CYBERCRITIQUE: Warning: Trick banners an error in banner design


We love reader feedback, so we thought we'd expand upon a few points from last week's installment.

Regarding the Uproar "click on this banner to make it go away" ad: Yes, we clicked on it. Our point is . . . so what? To say that a click-through is the be-all-end-all metric for success is short-sighted.

In the banner-space both the Uproar and the "error" banners fail to deliver any sort of message.

Tricking the consumer is amateurish -- not a sign of a well-planned advertising strategy.

As far as "error message" banners go, Software for one consistently blankets the Internet with them and is among the top impression-getting companies, according to Nielsen/NetRatings. This in itself is not a necessarily a bad plan. If a marketer is looking to get its name out, plastering it on every Web site imaginable (instead of targeting its potential audience) can be a good way to do that. But by running these gimmicky banners, it is blowing that chance to get its identity, logo, etc. in front of 7% to 9% of Internet households every week.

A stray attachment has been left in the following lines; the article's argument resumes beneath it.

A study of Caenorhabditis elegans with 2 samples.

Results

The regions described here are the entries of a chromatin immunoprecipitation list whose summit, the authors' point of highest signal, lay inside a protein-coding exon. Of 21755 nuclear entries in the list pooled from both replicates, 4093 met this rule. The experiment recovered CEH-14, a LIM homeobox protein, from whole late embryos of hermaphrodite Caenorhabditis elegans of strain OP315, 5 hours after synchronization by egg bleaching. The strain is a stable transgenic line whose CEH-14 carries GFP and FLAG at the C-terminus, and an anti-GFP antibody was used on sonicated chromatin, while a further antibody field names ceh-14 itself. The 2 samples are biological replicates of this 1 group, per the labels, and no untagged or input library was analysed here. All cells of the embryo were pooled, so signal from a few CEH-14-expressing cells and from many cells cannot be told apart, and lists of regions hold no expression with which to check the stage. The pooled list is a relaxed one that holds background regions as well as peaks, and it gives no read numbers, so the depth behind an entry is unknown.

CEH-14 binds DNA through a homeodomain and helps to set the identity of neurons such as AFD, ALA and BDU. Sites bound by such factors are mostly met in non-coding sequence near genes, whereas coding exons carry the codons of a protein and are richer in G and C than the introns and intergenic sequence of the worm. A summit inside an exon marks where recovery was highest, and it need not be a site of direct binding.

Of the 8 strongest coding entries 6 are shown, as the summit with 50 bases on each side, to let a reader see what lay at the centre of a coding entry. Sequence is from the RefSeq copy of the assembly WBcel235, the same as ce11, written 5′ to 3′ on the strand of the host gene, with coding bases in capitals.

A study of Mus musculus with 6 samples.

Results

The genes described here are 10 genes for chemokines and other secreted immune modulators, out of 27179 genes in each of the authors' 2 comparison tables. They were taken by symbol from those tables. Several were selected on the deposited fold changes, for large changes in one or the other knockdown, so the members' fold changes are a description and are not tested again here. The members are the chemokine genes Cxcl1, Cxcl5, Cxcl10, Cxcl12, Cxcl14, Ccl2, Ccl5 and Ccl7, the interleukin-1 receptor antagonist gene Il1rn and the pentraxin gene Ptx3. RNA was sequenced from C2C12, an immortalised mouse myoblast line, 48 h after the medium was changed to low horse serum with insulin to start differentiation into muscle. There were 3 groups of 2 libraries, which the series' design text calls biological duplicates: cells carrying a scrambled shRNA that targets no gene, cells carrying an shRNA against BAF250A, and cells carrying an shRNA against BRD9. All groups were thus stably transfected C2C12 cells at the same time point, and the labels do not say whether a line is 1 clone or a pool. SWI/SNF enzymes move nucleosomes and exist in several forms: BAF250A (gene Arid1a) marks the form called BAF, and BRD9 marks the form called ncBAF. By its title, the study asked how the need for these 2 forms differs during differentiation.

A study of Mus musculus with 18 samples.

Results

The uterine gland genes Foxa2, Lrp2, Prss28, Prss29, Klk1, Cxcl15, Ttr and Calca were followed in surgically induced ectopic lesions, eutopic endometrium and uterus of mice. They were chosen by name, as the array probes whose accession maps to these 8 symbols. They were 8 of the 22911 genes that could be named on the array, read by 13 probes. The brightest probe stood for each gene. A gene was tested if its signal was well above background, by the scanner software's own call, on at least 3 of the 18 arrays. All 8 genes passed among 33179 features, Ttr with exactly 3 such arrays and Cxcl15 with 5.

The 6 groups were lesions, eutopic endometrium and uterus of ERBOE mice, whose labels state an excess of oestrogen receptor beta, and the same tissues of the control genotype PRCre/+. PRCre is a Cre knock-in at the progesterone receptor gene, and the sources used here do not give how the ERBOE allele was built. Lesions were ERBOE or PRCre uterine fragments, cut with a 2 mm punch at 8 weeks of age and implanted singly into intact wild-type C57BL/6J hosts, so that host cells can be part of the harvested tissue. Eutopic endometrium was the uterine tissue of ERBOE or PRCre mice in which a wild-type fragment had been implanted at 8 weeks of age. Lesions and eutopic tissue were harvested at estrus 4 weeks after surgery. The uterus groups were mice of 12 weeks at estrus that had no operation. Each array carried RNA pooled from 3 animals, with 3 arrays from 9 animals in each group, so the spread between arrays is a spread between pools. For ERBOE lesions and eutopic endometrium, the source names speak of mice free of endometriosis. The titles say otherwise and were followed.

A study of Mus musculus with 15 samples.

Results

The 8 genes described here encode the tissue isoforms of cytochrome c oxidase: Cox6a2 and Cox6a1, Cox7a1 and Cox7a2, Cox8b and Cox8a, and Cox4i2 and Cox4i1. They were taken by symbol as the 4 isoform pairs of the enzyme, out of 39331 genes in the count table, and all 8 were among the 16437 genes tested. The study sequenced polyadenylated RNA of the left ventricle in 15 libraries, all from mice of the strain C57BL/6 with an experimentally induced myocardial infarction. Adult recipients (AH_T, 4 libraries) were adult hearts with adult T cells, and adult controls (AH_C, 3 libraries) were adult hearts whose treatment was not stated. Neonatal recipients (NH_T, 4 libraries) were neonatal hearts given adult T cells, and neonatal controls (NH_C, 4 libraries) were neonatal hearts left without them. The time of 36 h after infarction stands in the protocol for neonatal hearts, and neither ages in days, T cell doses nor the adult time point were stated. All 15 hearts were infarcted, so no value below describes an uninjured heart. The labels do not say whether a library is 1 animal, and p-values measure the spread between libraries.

The Bonzi click-through doesn't lead directly to product information either; it leads to a quasi-portal powered by NBCi, further distracting people who are looking for the company's pitch. Folks not making use of the banner aren't necessarily making up for it on the other end.

With click-through ratings as low as they tend to be, why waste marketing dollars on meaningless banners? Branding is branding, no matter what medium you're working in. Use every chance you get to to deliver your message.